Indonesia: Getting IT together


A recent study by internet corporation Yahoo! showed that while only 40m of Indonesia’s population of 232m are connected to the internet, usage growth is rising rapidly, with a 48% increase in the number of net users over 2010, more than double the 22% rate of expansion recorded in 2009.

Though Indonesia has a relatively low level of computer ownership, estimated to be around 4% of the population, or just under 10m units, according to the Indonesian Computer Businessmen Association, mobile phone subscription rates are rising fast, with more advanced models that are internet capable gaining popularity.

The results of a study conducted by market research firm The Nielsen Company released earlier this year showed that mobile phone ownership in Indonesia had jumped to more than 50%, putting subscriber numbers at well over 115m. Importantly for the IT industry, much of the growth in phone ownership came in the internet savvy 15- to 19-year-old age bracket, where connection levels were at 70%.

Indonesia’s GSM market rate penetration is set to rise 12% this year, according to global market research firm Tavess, and its research shows that 80% of new handsets sold in Indonesia are able to access the web.

It is this rate of growth that is generating widespread interest in the Indonesian IT market. Among those looking to increase their profile in the country are internet giant Google, with the company’s executive chairman, Eric Schmidt, announcing in late July that the firm was looking at expanding into Indonesia.

Following meetings with Vice-President Boediono; the minister of communications and information, Tifatul Sembiring; and the minister of cooperation and small and medium business, Syarifuddin Hasan, on July 22, Schmidt said his company is considering opening an office in Indonesia by the end of 2011 or early 2012.

According to Yopie Hidayat, a spokesman for Boediono, Google was already conducting studies and analysis as part of the preparation to entering the market.

“Eric Schmidt said to the vice-president that Google was designing plans to develop its business in Indonesia,” he said in an interview with The Jakarta Post on July 23. “They will execute their plans once they consider that all is in accordance with the parameters of their company.”

While no date for Google’s launch in Indonesia has been set, Yopie said the minimum level of investment is expected to be around $100m. The top end could be significantly higher. According to Gita Wirjawan, the head of the Badan Koordinasi Penanaman Modal, or the Investment Coordinating Board, “The value of Google's investment in Indonesia will range from $100m to $1bn – the biggest in the ASEAN region.”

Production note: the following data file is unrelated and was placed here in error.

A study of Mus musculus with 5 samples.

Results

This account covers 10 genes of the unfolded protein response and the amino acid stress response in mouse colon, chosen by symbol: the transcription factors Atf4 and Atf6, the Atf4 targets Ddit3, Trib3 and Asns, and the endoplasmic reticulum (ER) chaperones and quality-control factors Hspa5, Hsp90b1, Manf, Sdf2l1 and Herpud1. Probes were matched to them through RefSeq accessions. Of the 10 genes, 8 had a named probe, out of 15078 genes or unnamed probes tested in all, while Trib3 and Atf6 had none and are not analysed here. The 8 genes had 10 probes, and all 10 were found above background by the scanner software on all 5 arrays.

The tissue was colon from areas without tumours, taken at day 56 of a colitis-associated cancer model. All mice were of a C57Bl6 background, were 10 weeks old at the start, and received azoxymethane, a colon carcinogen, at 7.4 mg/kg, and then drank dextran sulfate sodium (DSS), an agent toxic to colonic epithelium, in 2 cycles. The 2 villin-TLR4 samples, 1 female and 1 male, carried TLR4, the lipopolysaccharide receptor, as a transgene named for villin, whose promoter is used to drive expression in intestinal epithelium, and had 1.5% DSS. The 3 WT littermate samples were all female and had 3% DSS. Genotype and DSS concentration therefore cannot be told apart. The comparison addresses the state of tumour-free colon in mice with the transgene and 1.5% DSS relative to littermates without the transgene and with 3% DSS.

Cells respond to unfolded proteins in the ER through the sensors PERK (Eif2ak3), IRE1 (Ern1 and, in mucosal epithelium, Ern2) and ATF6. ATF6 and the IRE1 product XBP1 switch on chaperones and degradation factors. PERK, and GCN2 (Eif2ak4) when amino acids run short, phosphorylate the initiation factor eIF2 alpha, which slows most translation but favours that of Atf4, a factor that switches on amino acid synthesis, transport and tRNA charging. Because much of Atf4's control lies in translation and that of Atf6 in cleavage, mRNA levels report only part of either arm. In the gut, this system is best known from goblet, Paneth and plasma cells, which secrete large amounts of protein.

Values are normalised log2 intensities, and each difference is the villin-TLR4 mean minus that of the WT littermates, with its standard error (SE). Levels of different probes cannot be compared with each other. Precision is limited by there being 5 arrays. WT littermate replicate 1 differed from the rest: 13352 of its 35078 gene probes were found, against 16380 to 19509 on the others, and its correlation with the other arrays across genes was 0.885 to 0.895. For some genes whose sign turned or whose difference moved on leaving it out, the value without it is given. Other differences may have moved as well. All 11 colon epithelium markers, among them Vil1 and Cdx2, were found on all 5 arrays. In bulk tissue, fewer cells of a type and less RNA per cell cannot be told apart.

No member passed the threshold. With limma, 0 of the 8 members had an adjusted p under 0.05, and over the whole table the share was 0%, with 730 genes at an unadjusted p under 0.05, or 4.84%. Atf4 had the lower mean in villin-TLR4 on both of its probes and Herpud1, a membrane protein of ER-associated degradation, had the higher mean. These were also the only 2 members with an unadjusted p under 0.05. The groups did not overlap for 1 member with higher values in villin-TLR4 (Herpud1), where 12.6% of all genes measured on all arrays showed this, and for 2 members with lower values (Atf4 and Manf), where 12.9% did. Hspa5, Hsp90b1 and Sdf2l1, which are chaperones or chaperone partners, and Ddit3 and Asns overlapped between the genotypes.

Addressing a regional entrepreneur summit in Bali, Schmidt said that while Indonesia’s number of web users was climbing, there remained significant room for further growth. The Google chief also forecast that a new generation of entrepreneurs would rise in Indonesia, predicting an internet explosion, with the initial growth burst already under way.

“There are 50m small businesses in Indonesia,” he said. “Just numerically those will be the engine of growth for the future economy.”

It is not just Google that is looking to tap into and support the coming Indonesia IT boom. In early August, East Ventures, a Singapore- and Indonesia-based venture capital firm, announced it was launching an accelerator programme to assist IT start ups, providing office space, hardware, infrastructure and funding, along with expert mentoring services.

“With this programme, we hope that there will be more and more entrepreneur [sic] in the internet scene from Indonesia,” said Batara Eto, the co-founder of East Ventures.

Though only relatively few internet start-ups will be able to access the support offered by programmes such as that provided by East Ventures, this does not appear to be discouraging budding businesses. According to data from StartupLokal, a support group for web entrepreneurs, there have been some 200 or more new web start-ups this year with the numbers increasing.

That flow could receive added volume from overseas. Faysal Sohail, the managing director of Silicon Valley-based venture capital firms CMEA Capital, recently visited Indonesia to assess the start up situation for himself. He saw enough to prompt him to consider investing some of his own money into local projects, recognising the potential for the new market.

“It’s still early and there isn’t much structure on the ground,” Sohail said in an interview with Associated Press on August 10. “But from a growth point of view, India and China have been predominantly done at this stage, there are a lot of investors there already. So now the question is, what are the markets beyond that. That’s partially why I came, to look for some new, world-class entrepreneurs.”

It will be some time before Google confirms whether it will follow through on its plans to extend its operations into Indonesia and back up those plans with solid investment. However, with or without the global giant, Indonesia’s IT sector will continue to gain momentum, driven both by public demand for access to advanced applications and by a growing entrepreneurial spirit eager to meet that demand.